Economic activity in advanced economies is encouraging, but productivity is lagging

The recent increase in economic activity in the G7 advanced economies is attracting the attention of policymakers – particularly those gathering in Washington DC for this month’s World Bank-IMF Spring meeting.

But is the optimism justified? And more importantly, can the growth be sustained? In their latest Global Economy Watch, PwC’s economists turn their attention to the advanced economies – and call on business to help boost productivity rates.

The economists say that ‘hard’ data indicates a slight acceleration in G7 economic growth to 1.7% year-on-year in the last quarter of 2016. The average growth rate post crisis is 1.8%. Furthermore, what is driving the optimism is the broad-based nature of the recovery across the G7, as indicated by less variation in growth rates across countries than at any time in the past 20 years.

Three reasons for this turnaround have been identified by the PwC economists:

  • First, the continued highly accommodative monetary stance across the G7 and, in particular, in the Eurozone, despite the gradual rise in US rates from historic lows recently.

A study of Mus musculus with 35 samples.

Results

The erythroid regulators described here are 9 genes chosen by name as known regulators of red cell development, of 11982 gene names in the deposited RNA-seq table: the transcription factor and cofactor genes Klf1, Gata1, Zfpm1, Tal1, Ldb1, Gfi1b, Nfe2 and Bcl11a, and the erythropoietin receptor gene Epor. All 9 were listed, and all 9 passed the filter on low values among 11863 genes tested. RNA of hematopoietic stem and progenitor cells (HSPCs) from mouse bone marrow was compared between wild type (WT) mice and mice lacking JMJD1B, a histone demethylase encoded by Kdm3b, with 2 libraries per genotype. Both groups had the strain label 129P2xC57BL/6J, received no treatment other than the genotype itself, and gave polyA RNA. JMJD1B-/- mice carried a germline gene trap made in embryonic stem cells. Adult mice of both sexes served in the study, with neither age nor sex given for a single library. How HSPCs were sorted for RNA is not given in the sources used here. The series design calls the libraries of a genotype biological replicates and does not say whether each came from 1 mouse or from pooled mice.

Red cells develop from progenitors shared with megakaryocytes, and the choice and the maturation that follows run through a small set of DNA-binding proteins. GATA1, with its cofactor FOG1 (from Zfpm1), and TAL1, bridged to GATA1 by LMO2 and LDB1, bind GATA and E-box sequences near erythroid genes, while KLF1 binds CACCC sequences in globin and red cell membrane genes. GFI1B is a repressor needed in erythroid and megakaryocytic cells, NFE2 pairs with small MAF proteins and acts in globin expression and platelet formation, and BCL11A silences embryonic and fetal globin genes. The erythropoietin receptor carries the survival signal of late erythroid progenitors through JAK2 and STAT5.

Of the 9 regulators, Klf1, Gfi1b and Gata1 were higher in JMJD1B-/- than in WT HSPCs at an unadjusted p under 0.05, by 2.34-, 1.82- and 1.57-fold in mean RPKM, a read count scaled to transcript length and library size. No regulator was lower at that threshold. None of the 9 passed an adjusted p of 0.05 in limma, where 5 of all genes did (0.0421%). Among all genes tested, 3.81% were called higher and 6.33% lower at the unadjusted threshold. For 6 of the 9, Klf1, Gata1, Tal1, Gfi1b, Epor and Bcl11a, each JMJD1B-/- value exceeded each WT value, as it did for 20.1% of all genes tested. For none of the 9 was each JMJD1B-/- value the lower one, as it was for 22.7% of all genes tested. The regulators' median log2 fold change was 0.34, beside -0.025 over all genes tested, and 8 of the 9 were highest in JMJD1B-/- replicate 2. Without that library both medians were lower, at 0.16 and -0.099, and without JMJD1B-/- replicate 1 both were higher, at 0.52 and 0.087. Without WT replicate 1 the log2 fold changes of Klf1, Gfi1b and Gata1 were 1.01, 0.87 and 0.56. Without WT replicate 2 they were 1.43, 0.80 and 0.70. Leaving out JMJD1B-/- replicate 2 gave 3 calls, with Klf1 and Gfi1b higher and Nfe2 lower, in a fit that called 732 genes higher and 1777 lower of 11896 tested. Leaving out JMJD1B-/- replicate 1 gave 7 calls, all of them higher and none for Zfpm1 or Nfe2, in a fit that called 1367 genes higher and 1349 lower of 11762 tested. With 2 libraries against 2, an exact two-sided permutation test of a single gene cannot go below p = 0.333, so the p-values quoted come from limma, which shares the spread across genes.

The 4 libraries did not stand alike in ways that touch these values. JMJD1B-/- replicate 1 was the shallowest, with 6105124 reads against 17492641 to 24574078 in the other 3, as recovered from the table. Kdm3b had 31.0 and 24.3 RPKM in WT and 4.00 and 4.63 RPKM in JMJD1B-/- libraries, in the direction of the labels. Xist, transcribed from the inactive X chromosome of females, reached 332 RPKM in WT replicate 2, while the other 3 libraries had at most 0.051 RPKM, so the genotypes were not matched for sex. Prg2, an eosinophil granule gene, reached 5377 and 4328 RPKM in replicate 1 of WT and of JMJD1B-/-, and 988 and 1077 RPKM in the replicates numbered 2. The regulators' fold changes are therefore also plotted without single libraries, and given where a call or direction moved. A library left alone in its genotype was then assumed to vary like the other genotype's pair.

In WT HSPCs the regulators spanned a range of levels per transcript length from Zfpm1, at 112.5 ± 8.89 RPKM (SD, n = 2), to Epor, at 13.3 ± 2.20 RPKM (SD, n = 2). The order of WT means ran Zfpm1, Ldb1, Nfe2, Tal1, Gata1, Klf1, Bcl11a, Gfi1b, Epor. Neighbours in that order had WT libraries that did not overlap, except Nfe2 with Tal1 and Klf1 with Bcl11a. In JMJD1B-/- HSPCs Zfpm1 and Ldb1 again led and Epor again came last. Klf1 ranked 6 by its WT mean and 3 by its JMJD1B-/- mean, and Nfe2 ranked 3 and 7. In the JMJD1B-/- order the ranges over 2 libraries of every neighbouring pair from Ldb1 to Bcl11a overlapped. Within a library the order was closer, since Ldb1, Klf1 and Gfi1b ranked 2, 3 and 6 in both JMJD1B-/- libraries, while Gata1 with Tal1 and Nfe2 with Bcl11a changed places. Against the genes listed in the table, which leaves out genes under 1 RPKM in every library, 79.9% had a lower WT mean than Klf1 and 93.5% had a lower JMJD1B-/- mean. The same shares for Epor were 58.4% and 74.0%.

• Second, governments are starting to spend more, with some putting infrastructure plans in place.
  • Third, an uptick in demand from the large (E7) emerging markets, partly driven by a fiscal stimulus in China, as well as a turnaround in economic activity in Brazil. This is corroborated by recent trade data, which shows that emerging markets’ imports continue to grow compared to a year earlier.

So, will this continue in the future? Most ‘soft’ survey-based data suggests the momentum has carried on through the first quarter of this year. This will not be confirmed until the ‘hard’ data on GDP is released later this month, starting with the US and UK on April 28th.

“But policymakers’ discussions should focus on the key factor which determines long-run standards of living: productivity. Barret Kupelian, Senior Economist, PwC says: “Our analysis shows that post-crisis productivity growth in the G7 has been around two thirds slower than its long-run average rate.”

Typically, governments take on the task to push through economy-wide reforms. For example, they can help drive large public investment projects or invest more in schooling.

“But we think that businesses have an equally important role to play, particularly from a bottom-up perspective,” adds Barret Kupelian.  “Best practice management techniques, for example, could have an impact on national productivity rates if implemented across a large number of businesses.